Geyikbayiri Reloaded


… and intensified times infinity.

This is not an article about rock climbing. There are too many of those out there. Besides, climbing is a personal, intimate journey we all experience and understand differently. So instead of listening to other people’s opinions, good or bad, why don’t you come to Geyikbayırı and see what all the fuss is about for yourselves? No, this one is about vibes, people, change. Now allow me to spill the details…


Life is about choices


Good or bad, we have to live with them and accept their consequences. It’s always like this – you win some you lose some.



No job, some money socked away. What to do? Live off our savings for as long as possible, or make some memories? In the end, it wasn’t such a tough decision to make. “Hell, let’s climb!” All it took was a Fb message in the break of day, and two weeks later we were flying over Turkey, landing in Antalya, and driving to Rido Camp. Only five weeks this time, pretty short compared to the three months we spent in Geyikbayırı four years ago, but it sure felt longer. It was intense, exciting, it swept us off our feet.



Disconnecting and connecting


The first step was to disconnect from all things that were holding us back – worries, work, computers, phone, you name it. Then connect with people. Don’t worry, I have no desire to get overly philosophical or sentimental. The bottom line is we made new friends, something we haven’t done in a long time. We found a second home in an unexpected place.



On any given day, you could see us either climbing, starting a barbecue (or mangal), staying warm by the camp fire, eating late-night dinners, tanning, partying, going to the beach, eating döner on the street, hitchhiking our way to the Sunday bazaar in Ҫakirlar or to Antalya, sipping Turkish tea and Ada ҫay brewed on the wood-burning stove, topping it all off with a Turkish wedding by the sea.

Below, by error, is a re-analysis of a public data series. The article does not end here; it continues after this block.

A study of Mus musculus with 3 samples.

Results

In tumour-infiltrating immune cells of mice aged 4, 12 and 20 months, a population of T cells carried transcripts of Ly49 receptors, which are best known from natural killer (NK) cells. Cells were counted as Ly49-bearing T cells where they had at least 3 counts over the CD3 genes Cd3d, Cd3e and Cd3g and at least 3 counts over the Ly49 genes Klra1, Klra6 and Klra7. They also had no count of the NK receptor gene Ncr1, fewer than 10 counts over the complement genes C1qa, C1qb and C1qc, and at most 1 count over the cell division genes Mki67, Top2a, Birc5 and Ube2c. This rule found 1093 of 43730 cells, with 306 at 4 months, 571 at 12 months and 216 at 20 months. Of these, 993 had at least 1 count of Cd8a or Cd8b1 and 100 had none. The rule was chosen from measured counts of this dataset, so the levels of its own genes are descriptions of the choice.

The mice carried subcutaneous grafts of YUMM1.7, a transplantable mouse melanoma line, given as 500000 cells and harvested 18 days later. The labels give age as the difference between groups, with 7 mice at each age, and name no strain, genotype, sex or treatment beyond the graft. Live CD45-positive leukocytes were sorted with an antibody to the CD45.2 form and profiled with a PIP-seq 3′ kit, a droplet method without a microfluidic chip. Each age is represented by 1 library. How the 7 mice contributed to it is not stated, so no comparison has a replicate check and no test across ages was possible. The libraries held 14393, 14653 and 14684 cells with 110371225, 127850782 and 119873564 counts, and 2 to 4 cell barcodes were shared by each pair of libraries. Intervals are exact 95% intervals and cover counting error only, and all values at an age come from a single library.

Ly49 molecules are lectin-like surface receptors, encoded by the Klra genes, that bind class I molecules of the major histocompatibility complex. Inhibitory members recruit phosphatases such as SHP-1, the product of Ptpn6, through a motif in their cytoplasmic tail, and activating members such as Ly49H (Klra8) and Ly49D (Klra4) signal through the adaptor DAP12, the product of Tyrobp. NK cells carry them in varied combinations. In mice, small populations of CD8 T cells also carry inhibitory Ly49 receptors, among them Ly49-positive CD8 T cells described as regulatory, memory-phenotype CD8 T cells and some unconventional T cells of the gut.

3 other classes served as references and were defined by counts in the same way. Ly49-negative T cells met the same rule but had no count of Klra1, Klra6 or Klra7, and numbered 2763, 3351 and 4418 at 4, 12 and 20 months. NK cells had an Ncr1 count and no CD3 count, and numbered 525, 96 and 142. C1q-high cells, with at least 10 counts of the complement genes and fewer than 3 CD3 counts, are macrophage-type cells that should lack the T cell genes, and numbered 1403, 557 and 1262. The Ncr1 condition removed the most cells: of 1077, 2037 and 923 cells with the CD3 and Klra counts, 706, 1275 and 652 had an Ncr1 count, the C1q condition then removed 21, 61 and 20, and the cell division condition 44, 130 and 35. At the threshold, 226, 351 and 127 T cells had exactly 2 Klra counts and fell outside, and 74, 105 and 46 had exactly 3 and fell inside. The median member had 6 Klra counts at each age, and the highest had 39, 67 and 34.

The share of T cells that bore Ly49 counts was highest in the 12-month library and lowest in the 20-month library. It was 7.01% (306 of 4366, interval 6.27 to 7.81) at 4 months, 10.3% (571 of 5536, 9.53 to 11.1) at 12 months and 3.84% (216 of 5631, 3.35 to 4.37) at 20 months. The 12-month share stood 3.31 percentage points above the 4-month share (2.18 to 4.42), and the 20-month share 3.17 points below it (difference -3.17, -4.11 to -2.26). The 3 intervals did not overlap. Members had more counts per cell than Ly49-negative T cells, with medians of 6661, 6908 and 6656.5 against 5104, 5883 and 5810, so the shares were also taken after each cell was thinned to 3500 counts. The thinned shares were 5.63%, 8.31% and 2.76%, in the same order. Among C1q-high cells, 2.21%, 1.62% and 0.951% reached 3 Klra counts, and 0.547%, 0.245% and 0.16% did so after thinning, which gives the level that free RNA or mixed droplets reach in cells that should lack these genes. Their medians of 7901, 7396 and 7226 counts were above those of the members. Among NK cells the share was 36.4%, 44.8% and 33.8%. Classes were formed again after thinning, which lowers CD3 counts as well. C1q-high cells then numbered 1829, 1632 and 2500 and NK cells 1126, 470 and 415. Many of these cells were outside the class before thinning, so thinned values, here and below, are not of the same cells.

We connected with people we’ve only just met better than with some whom we’ve known for half our lifetime. Strange how life works. And funny how, just as I’m writing these words, a couple we met during our time in Rido Camp is staying with us for a few days, visiting these parts of Romania on their almost one-year trip around Europe. She’s from Turkey, he’s from Spain, they are married and have been on the road for almost ten months now. They only know what their next stop will be, in this case, Bӑile Herculane. The rest is always a surprise.


Kindness still exists


Society teaches us to be educated, to be civilized. But it does not teach us to be good. There are all sorts of people in this world, each fascinating in their own right. Yet kindness is a quality we rarely get to see anymore. Turkey reminded us it still exists. Complete strangers lending a hand, opening themselves to us as if we’d known each other from some past life. Which makes me wonder what is more important, surrounding ourselves with many so-called friends that will forget your name the second you’re in trouble, or hang out with a bunch of strangers that will immediately jump over all social and cultural boundaries?



The first thing we noticed upon our arrival was that there are far fewer tourists than in other years, both in Geyikbayırı and Antalya. In the Old Town of Kaleiҫi, the bazaars once swarming with people are now almost empty. This is what happens when people fight. It is a difficult time for the entire country, and small businesses suffer the most. Still, these people keep their heads high and chin up. It is in the hardest of times that we remember to be human.


The end. Or not?

What was different from four years ago? Everything. From the campsite and atmosphere to the people, weather, even those tricky tufas felt more accessible and easy to read. But most importantly, we are different. We climbed. A lot. I never thought I’d be saying this, but we climbed too much. That was our plan after all. The nice weather in the first weeks allowed us to visit almost all the sectors at the main crag, from Sarkit to Mevlana and Echoes. Yet as tired as we felt in the last two weeks, we still wanted more, and left with an unexpected sadness in our hearts, a feeling of longing. A part of us is still there, and the only way to get it back is to return to Geyikbayırı.